Sunday, March 29, 2009

I Cloned Dolly

This is another contribution to my new blog series. It is a review by Karla Griffin of show that was recently shown at the Gordon Snelgrove Gallery in Saskatoon.

I Cloned Dolly
Aaron Godard
Reviewed by Karla Griffin

The title of Aaron Godard’s Bachelor of Fine Arts graduating exhibition I Cloned Dolly, is a cheeky pun that points to the 1996 birth of Dolly the sheep; the first mammal to have been successfully cloned from an adult cell. The sheep’s birth was touted as the most significant scientific breakthrough of that decade, although it raised controversial ethical concerns not only within the scientific community, but within the general public.
The reproduction of multiples from the same genetic source acts as the catalyst for Godard’s latest body of work. Like a production line efficiently producing identical manufactured goods based on a single prototype, Godard acts as the solitary manufacturer, or creator, of a mass-produced standardised dolly. Using a dolly from Home Depot that he purchased and then returned for the project, Godard explores the possibilities of accessible and seemingly banal objects, by imbuing them with complicated layers of social understanding.
Entering the gallery, viewers are greeted by what appears to be an abandoned warehouse, or broken down production facility. Dollies in varying states of completion stand alone while others seem to huddle in groups. A closer examination of the dollies, viewers are left to question what kind of manufacturing has occurred in order to produce the results that stand before them. Half formed, misshaped tires, drooping handles, incorrect proportions and missing parts, Godard’s dollies lie in the realm of science experiment gone terribly wrong, which suggests that science, like everything else, is fallible.
Through excessive repetition and incessant labour, Godard reveals a kind of Frankenstein-like love for his malformed creations. Using the dolly as a point of departure and working on a 1:1 scale of representation, he anthropomorphises these objects through the mutable possibilities of material - bringing to mind Claes Oldenburg’s soft sculptures of the 1960s and 1970s, and the more recent foam installations of Chris Hanson and Hendrika Sonnenberg.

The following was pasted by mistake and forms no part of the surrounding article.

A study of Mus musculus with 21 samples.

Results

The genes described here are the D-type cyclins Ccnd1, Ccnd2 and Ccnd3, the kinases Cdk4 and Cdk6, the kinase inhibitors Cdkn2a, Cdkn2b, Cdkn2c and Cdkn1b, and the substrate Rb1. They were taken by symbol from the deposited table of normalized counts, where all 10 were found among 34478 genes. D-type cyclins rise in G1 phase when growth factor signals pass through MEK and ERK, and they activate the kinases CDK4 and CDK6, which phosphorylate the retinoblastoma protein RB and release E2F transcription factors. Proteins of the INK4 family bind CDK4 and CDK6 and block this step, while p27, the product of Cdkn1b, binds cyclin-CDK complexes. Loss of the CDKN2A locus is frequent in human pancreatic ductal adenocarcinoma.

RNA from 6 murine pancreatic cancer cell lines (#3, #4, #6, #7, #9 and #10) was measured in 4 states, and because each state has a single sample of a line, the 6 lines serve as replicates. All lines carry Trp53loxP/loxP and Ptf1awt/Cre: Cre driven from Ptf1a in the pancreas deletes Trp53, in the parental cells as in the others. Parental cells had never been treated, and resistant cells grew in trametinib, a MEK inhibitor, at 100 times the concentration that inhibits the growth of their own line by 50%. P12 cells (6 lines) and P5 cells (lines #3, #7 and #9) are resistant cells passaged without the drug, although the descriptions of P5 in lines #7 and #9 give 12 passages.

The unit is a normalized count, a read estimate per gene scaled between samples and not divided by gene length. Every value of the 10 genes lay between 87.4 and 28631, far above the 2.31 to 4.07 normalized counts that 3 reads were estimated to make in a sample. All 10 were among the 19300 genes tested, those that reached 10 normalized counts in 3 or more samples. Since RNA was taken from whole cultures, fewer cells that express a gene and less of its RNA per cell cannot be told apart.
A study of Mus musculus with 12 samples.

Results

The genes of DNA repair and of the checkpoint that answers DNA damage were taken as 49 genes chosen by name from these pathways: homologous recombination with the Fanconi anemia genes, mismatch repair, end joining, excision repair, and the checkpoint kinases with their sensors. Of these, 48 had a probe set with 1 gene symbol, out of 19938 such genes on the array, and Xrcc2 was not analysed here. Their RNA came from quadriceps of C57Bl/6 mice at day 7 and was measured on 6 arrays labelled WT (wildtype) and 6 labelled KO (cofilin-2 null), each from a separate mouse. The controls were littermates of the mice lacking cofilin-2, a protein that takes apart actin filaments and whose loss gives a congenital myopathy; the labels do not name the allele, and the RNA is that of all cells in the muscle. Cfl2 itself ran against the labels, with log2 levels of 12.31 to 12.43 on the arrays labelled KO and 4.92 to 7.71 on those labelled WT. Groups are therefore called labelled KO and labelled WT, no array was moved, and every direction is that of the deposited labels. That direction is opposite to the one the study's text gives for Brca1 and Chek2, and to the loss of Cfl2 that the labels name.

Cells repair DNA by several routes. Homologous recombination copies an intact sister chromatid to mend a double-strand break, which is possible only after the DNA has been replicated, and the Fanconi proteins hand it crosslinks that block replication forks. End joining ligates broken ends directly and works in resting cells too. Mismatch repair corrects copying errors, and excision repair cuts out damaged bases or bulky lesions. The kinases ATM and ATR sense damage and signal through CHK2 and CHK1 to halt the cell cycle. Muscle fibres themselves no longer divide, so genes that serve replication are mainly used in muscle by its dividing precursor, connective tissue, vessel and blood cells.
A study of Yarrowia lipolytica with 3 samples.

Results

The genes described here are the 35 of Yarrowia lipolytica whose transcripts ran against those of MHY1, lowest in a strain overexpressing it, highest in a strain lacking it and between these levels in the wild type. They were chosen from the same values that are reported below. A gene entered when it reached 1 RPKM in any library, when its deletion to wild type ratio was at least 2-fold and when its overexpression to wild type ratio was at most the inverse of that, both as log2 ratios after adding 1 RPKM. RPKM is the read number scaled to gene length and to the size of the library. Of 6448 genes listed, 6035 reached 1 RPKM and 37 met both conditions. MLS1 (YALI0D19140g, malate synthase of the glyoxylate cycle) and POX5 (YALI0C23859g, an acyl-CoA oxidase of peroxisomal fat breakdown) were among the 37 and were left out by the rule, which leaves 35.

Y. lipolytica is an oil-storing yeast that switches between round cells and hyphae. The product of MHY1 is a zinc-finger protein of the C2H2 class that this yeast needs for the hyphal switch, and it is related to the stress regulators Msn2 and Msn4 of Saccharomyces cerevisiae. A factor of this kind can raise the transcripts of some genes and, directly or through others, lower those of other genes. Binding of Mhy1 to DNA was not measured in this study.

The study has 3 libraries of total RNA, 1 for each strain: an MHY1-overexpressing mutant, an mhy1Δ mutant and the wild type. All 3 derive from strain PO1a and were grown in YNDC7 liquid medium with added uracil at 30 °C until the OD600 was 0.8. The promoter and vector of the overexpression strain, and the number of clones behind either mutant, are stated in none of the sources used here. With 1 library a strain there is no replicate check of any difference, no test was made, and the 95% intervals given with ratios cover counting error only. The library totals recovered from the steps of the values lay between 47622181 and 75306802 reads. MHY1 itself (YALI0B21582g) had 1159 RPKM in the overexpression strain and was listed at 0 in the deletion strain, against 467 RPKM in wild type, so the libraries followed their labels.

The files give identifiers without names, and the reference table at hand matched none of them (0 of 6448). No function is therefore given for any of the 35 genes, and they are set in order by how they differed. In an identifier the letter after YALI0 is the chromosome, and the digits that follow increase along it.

Like Oldenberg, Hanson and Sonnenberg, Godard’s pieces are all handmade, and the work suggests a kind of satisfaction with the handmade process. Using pink (Pepto-Bismol pink) extruded polystyrene foam, each dolly is meticulously carved and every detail has been acknowledged: from the grips on the handles to the tread of each tire. Inspecting the workmanship, small glitches and idiosyncrasies mark these pieces as handmade one of a kind objects; each one is unique from the next.
Taking into account that Godard has individually carved more than twenty versions of one object, in what appears to be a quest to render the perfect specimen; the fragile and flimsy quality of the polystyrene foam contradicts the solid functionality of the original manufactured dolly. However, more than that, Godard’s installation suggests not only the fragility of his art objects, but possibly the fragility of life: the fine balance between nature and science, where the pursuit of knowledge becomes the creation of monsters. Like Victor Frankenstein, from Mary Shelley’s classic novel Frankenstein, Godard has “collected the instruments of life around [him], that [he] might infuse a spark of being into the lifeless thing that lay at [his] feet.”

“I Cloned Dolly,” was exhibited at the Gordon Snelgrove Gallery at the University of Saskatchewan from March 16 to March 20, 2009.